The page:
A former employee of President Viktor Yushchenko’s secretariat has claimed that Yushchenko agreed to back the frontrunner, Party of Regions leader Viktor Yanukovych in the run-up to the January 17 presidential election. Both Yushchenko and Yanukovych denied this, but Prime Minister Yulia Tymoshenko, against whom the accord is allegedly directed, said she believes in its existence. Yushchenko who is running for re-election does not miss an opportunity to blame Tymoshenko for almost everything that goes wrong in Ukraine, from pervasive corruption to the economic crisis. He says he does this so that he, rather than Tymoshenko, will reach the run-off scheduled for February 7, to face Yanukovych there. Either Yushchenko has lost touch with reality, as polls show he stands no chance of reaching the run-off stage, or he is really helping Yanukovych.
On December 25, Yaroslav Kozachok announced his resignation as deputy head of the presidential secretariat’s department for regional policy. He said this was in protest against a secret agreement reached between Yushchenko and Yanukovych in order to beat Tymoshenko in the election. He claimed that rapprochement between Yushchenko and Yanukovych, who was defeated by Yushchenko in a highly controversial presidential election in 2004, started in late 2005. Kozachok said that as a person who “believes in democratic values” he could not stand it any longer.
According to the text of the agreement offered to the media by Kozachok, Yushchenko pledged not to criticize Yanukovych during the election campaign and back him in the run-off. In exchange, Yanukovych agreed to nominate Yushchenko for prime minister to replace Tymoshenko after the election. Also, Yanukovych would renege on his promise to voters to make Russian the second official language, as well as keeping the current head of the security service (SBU) and the regional governors and cabinet ministers who belong to Yushchenko’s party. Moreover, the parties of Yanukovych and Yushchenko allegedly agreed to set up a new majority coalition in parliament without Tymoshenko’s party (http://ura-inform.com/politics/2009/12/25/oni/). If this happened, Tymoshenko would be left in the opposition and a snap parliamentary election, which both Yanukovych and Yushchenko wanted to hold after the presidential election, would be avoided.
Both Yushchenko and Yanukovych dismissed the document publicized by Kozachok as a “provocation.” Yushchenko instructed prosecutors to check Kozachok’s allegations. He alleged that Tymoshenko was behind them. Yushchenko said he would never serve as prime minister under President Yanukovych. At the same time, Yushchenko admitted that he does not criticize Yanukovych at the current stage of the campaign. “I criticize Tymoshenko now, but when I am in the run-off I will criticize Yanukovych,” he said (Ukrainsky Pohlyad, December 25).
Yushchenko and Tymoshenko share the same national-minded conservative electorate concentrated in West Ukraine, and therefore it would be logical for Yushchenko to spoil Tymoshenko’s campaign by any means if he stood a chance of beating her. However, opinion polls show that Yushchenko stands no chance. The most recent polls conducted in December by FOM-Ukraine and Democratic Initiatives showed that no more than 3.5-3.7 percent of Ukrainians are ready to vote for Yushchenko while popular support for Tymoshenko is above 15 percent and support for Yanukovych is around 30 percent. Yushchenko is only the fifth or sixth most popular candidate among 18 running (Ukrainska Pravda, December 28, 29).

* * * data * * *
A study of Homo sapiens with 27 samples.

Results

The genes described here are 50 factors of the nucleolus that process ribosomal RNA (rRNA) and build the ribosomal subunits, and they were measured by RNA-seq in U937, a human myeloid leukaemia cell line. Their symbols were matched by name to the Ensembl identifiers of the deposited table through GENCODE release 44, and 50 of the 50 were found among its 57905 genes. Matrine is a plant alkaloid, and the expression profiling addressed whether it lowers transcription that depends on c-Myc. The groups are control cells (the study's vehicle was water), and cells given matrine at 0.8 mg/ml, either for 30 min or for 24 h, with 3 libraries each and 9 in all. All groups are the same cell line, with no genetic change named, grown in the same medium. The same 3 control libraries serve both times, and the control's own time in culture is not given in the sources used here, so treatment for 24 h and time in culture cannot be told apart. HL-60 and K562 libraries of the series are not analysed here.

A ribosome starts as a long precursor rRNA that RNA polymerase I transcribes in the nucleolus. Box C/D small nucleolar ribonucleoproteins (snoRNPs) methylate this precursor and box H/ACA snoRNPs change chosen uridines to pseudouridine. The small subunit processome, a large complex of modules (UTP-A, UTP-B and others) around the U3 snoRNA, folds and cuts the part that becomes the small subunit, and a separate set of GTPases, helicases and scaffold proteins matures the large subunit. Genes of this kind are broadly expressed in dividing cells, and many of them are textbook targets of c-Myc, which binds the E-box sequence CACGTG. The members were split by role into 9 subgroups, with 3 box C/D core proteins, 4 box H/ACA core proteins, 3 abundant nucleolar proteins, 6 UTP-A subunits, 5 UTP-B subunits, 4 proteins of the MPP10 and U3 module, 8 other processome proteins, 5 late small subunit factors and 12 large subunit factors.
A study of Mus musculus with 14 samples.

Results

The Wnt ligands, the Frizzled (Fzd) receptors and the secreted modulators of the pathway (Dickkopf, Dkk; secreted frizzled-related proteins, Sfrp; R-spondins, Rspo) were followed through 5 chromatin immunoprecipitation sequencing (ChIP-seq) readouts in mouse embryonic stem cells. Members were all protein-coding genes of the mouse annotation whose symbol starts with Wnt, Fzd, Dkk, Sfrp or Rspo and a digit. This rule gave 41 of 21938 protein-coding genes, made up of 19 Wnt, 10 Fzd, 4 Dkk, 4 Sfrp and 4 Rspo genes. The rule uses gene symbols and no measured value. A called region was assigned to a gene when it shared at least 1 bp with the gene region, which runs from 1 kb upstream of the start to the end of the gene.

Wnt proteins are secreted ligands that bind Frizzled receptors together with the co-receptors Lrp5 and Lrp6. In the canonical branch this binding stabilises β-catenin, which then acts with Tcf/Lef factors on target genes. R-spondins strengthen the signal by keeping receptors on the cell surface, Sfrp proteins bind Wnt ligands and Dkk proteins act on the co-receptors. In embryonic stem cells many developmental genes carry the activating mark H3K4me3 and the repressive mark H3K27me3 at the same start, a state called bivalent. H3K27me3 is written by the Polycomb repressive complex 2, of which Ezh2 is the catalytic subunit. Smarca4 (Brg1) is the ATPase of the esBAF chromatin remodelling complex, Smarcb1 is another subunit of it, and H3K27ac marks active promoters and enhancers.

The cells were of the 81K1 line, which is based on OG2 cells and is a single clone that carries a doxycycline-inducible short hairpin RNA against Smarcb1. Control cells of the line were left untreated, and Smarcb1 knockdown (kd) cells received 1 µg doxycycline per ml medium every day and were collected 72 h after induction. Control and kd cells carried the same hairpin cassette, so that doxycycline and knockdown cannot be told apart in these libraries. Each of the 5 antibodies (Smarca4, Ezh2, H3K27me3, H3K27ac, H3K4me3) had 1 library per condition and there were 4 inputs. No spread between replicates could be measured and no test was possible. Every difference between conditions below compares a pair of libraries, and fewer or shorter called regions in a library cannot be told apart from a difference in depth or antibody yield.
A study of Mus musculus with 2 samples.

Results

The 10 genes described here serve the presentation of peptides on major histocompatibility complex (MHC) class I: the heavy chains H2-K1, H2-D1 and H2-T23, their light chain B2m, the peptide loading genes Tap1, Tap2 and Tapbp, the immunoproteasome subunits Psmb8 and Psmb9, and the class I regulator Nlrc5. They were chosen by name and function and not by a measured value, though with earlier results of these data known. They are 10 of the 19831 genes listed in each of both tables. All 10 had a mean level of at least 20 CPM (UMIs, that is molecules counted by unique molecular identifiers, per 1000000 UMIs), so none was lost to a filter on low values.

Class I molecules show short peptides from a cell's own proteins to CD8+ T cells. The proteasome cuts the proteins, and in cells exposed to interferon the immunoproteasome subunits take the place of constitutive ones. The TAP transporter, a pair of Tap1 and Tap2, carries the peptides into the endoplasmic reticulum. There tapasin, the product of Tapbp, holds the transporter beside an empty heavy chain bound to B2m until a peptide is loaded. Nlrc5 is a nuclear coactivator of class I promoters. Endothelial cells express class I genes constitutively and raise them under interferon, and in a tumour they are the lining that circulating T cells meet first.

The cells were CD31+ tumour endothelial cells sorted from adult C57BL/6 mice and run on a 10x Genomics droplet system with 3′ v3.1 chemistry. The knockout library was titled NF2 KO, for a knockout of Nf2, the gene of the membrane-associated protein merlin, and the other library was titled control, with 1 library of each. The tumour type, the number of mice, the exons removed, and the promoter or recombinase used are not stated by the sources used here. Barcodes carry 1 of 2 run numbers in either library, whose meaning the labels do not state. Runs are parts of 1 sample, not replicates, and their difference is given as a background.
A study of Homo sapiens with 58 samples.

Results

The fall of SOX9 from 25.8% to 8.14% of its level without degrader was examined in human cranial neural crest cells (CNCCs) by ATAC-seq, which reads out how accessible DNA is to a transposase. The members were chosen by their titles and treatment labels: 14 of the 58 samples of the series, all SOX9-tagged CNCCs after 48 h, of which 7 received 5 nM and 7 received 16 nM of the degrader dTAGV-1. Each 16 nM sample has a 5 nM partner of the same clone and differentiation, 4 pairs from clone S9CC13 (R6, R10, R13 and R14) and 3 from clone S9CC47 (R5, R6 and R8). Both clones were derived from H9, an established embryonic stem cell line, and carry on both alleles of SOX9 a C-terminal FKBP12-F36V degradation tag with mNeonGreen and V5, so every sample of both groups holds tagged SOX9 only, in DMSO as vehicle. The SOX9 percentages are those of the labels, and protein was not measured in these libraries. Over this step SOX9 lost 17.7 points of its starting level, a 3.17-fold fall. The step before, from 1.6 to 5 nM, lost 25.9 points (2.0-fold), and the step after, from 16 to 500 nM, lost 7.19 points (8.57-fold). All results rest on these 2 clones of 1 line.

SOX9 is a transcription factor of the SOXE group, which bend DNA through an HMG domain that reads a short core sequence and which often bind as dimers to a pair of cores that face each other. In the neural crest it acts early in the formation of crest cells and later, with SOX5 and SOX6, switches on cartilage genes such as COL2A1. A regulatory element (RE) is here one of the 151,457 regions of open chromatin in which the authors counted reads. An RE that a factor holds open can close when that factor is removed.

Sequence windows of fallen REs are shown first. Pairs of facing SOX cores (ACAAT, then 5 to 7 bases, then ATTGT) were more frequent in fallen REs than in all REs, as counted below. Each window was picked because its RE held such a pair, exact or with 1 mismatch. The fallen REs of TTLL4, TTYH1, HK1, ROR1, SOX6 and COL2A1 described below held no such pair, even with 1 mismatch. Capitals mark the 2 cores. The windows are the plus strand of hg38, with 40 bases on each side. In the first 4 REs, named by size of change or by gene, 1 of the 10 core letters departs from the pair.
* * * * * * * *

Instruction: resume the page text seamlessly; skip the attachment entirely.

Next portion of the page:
Yushchenko has never trusted opinion polls too much and he apparently believes in his own messianic role in Ukraine, consequently he may still think he can beat Tymoshenko. However, by building his campaign solely on criticizing Tymoshenko and her cabinet, Yushchenko objectively helps Yanukovych. Many people in Ukraine will trust Kozachok after hearing what Yushchenko said about Tymoshenko.
For example, speaking on a regional television program in West Ukraine recently, he blamed Tymoshenko for parliament’s failure to pass the state budget for 2010. This is only partially true as Tymoshenko’s coalition does not control a majority in parliament, so her budget bill should be easily blocked by the opposition. He accused Tymoshenko of ruining the post-Orange Revolution democratic coalition in 2005 by her corruption allegations against his party members. He added that one out of every five members of Tymoshenko’s caucus in parliament is an oligarch, hence the pervasive corruption in Ukraine (Interfax-Ukraine, December 27). In fact, there are many rich businessmen who reportedly abuse their government connections to promote their business interests also present in the teams of both Yanukovych and Yushchenko.
Yushchenko is especially keen on attacking Tymoshenko’s weakest point: her income declaration. Speaking in Tymoshenko’s native city of Dnipropetrovsk, Yushchenko said that she does not want to declare her true income (UNIAN, December 25). According to Tymoshenko’s declaration she has no property, no bank account, and even no car. When asked about her sources of income, she vaguely refers to her husband’s agricultural business, but refuses to provide any detail. At a recent press conference, she refused to speak about her home rent (Ukrainska Pravda, December 29). As is widely known, Tymoshenko was considered Ukraine’s richest woman in the mid-1990’s when she ran the United Energy Systems, a gas intermediary.